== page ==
The league's moves to promote more scoring haven't done the trick
When NHL higher-ups decided during the off-season to reconfigure the ice surface, place stricter regulations on the size of goaltenders' equipment and reaffirm their dedication to calling obstruction penalties, they did so with visions of red lights flashing in their heads. After all, the league was spooked last season by its 5.3 goals per game average (the lowest in 42 years), a scoring pace that was often as enjoyable to witness as watching ice melt.
Through Sunday, however, goals were down to 4.9 per game this season, and an all-points bulletin went out for snipers. "After the changes people expected 8-7 games," says Senators left wing Shawn McEachern, "but it's the same guys this season who were playing last year."
Those guys include longtime minor leaguers whose numbers have steadily increased as the NHL has expanded from 21 to 27 teams over the past seven years. Many of them have speed and defensive ability, but they couldn't slip the puck past a slumbering dormouse. No hockey skill is as precious as a scorer's touch, which requires a mix of quickness, precision and calm calculation in the milliseconds before a shot is unleashed. You don't find lamplighters in the minors. Today, for every proven finisher, there are several lines' worth of hardworking guys who make their bread playing defense.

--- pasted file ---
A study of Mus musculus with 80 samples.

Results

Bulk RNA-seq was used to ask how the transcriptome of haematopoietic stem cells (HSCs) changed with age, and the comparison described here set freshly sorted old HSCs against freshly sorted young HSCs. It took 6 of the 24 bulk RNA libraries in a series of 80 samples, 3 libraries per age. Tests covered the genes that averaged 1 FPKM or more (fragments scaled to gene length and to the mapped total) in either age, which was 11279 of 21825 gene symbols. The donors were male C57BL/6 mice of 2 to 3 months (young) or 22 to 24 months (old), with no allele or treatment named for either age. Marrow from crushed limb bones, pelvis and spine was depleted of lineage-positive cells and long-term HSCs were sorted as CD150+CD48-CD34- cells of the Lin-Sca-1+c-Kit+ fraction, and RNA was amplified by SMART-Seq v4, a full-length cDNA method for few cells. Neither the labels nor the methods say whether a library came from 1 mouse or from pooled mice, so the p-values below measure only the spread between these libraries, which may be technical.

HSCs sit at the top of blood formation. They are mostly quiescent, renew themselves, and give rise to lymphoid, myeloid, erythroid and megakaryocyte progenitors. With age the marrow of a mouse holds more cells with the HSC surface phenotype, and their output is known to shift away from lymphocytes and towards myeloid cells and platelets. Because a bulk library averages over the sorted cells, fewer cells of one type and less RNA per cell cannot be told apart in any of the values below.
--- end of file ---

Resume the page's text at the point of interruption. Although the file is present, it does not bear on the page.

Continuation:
"Of course expansion dilutes the number of highly skilled players," says Kings general manager Dave Taylor. "There are only so many to go around." Los Angeles is one of several teams expected to have winning seasons despite the lack of a bona fide sniper.
The off-season tinkerings haven't gone for naught, however. Games have better flow, and several teams are weaning themselves off the trap and taking advantage of the added room behind the net to force he action with forechecking. Though shots per game are virtually unchanged from last season at this time—just under 55 for both teams-coring chances have increased. "It's more exciting than it was," says Penguins right wing Jaromir Jagr, who through Sunday led the league with 15 points. "Maybe because they're calling penalties more, and there's more space behind the net."
The changes have helped the game. Unfortunately the new rules can't make scorers out of scrappers.
Beginning of a Legacy?
Manny Legace, a 5'9", 165-pound, orange-haired goalie for the Kings who could pass for Richie Cunningham's chubby little brother, is experiencing some of the happiest days of his life. At week's end Legace, who was expected to spend this season playing for Los Angeles's IHL affiliate in Long Beach, had appeared in seven NHL games and had amassed the league's second-best save percentage (.955) and fifth-best goals-against average (1.49). When teammate and Norris Trophy winner Rob Blake stopped by his locker after a 1-0 loss last week against the Islanders to say "Good game," Legace grinned with wondrous glee. "What a rush," he said. "Am I really here?"
His name is pronounced LEG-uh-see, and his NHL legacy is not yet three weeks old. He was summoned from the minors after Los Angeles goalies Stephane Fiset and Jamie Storr suffered groin injuries in a 5-5 tie with the Avalanche on Oct. 18. Legace made his debut three days later and stopped 49 shots—the most saves for a debuting goalie in the last 20 years—in a 1-1 standoff with the Panthers. In his next game he was bowled over by Lightning center Darcy Tucker and suffered a mild concussion. "That is the only highlight I've seen of myself," says Legace. "Me getting hurt."